Other Graphics Libraries

The libraries just discussed form the core functionality of the Mac OS X graphics system. Mac OS X also contains a number of additional libraries that are worth a brief mention here. For more information on these libraries you can consult Apple’s developer documentation.

ATSUI and Cocoa Text

The Apple Type System for Unicode Imaging (ATSUI) and Cocoa Text systems play a vital role in the creation of graphics that contain text. Both ATSUI and the Cocoa Text system are graphics libraries for combining a block of characters, text style information related to those characters, and a region in which the text can be drawn to create a complete image of the text. These libraries are vital to the correct layout and rendering of Unicode text on the Macintosh system. While we will touch upon ATSUI and Cocoa Text in this exploration of Quartz 2D, the richness of these text layout engines would warrant an entire book in their own right.


The same QuickDraw library that was vital to the continued success of the Macintosh is still available on Mac OS X. QuickDraw includes the same drawing capabilities today that it has in the past. While Apple plans to maintain binary compatibility with applications that use QuickDraw, the library is now deprecated technology. Apple is no longer changing the QuickDraw code, and the library may become unavailable in future versions of the operating system.

This fact has a profound implication for developers who use the Carbon API. Their applications are probably using QuickDraw as their primary graphics library. If these applications are to grow with the system, developers will have to convert their drawing routines to use Quartz 2D or one of the other libraries in the Mac OS X graphics system.


The vImage library is part of the Accelerate framework and is another image processing library on the system. While the focus of Core Image is on visual image effects and transitions, vImage contains routines related to more scientific image processing tasks. Here are some of the features found in vImage:

  • Conversion of image data between several different pixel types including conversion between planar and interleaved pixel formats.
  • General Convolution on image data.
  • Apply Fourier Transforms (one and two dimensional, real and complex valued) to a block of data. (The Fourier Transform is a mathematical operation that occurs often in image and signal processing).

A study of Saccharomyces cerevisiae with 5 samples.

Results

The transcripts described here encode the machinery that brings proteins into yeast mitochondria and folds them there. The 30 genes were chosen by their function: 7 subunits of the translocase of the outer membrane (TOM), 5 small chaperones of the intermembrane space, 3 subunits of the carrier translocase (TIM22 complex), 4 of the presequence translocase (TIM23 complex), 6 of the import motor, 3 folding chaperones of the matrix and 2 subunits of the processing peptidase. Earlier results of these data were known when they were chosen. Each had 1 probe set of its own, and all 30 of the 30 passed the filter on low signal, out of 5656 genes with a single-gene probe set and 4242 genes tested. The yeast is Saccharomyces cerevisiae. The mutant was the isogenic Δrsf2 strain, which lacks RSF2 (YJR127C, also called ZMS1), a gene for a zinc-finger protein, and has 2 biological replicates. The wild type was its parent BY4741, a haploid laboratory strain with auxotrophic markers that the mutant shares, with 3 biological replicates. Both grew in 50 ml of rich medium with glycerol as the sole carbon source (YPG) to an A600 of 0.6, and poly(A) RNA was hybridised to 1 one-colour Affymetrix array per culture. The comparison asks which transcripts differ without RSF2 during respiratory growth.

• Apply "morphological" operations on data. Morphological operations manipulate images so that items pictured in the image change their shapes. Usually the items in the image will expand, shrink, or take on other aspects of a bitmap called the morphological kernel.
  • Perform geometric operations on an image (such as scaling and resampling, rotations, and reflections).
  • Generate histograms for the samples in an image. A histogram tells you how many of the pixels in an image are of a given intensity. Histograms play an important role, for example, in some image enhancement code.
  • Alpha channel compositing. (Combining translucent and partially translucent images together)

Looking at this list, you may see many operations that are found in other graphics libraries in Mac OS X. Both Quartz 2D and QuickTime, for example, can be used to rotate an image or perform alpha channel compositing. vImage is a low-level library upon which some of those higher-level libraries are built. Because of this, using the routines in the vImage requires a bit more care on the part of the programmer. vImage can take advantage of multiple processors if they are available and use the SIMD units in those processors as well if they are available.

Java 2D

Mac OS X is an excellent platform for Java development. The Java system available on Mac OS X includes an impressive collection of technologies including the Java graphics library, Java 2D. Java 2D shares a large number of features with Quartz 2D. Both include graphics services for line art, text, and images and include support for alpha channel compositing. The two libraries have some abstractions in common, and many of the drawing techniques that are effective in one library have close analogs in the other library. With so many similarities, it should not surprise you to learn that the Java 2D implementation on Mac OS X relies on Quartz 2D for much of its functionality. In spite of the similarities in their feature sets, Quartz 2D and the Java 2D API use very different programming interfaces. Because it is a completely separate API, one that happens to be implemented using Quartz 2D, but which does not directly expose the functionality of that library, Java 2D is not explored in this book. However, there are a number of excellent resources available on the web and in books to help Java programmers get the most out of Java 2D.

This chapter has covered a lot of ground. Understanding where Quartz 2D fits into the graphics system, both historically and architecturally can help you make effective use of the system. Some time has been spent discussing other graphics technologies that may be of interest, and we encourage you to explore them at your leisure. Writing good graphics code on Mac OS X is often a question of finding the services on the system that most closely match your needs. Hopefully this brief discussion will help you find the services that benefit you.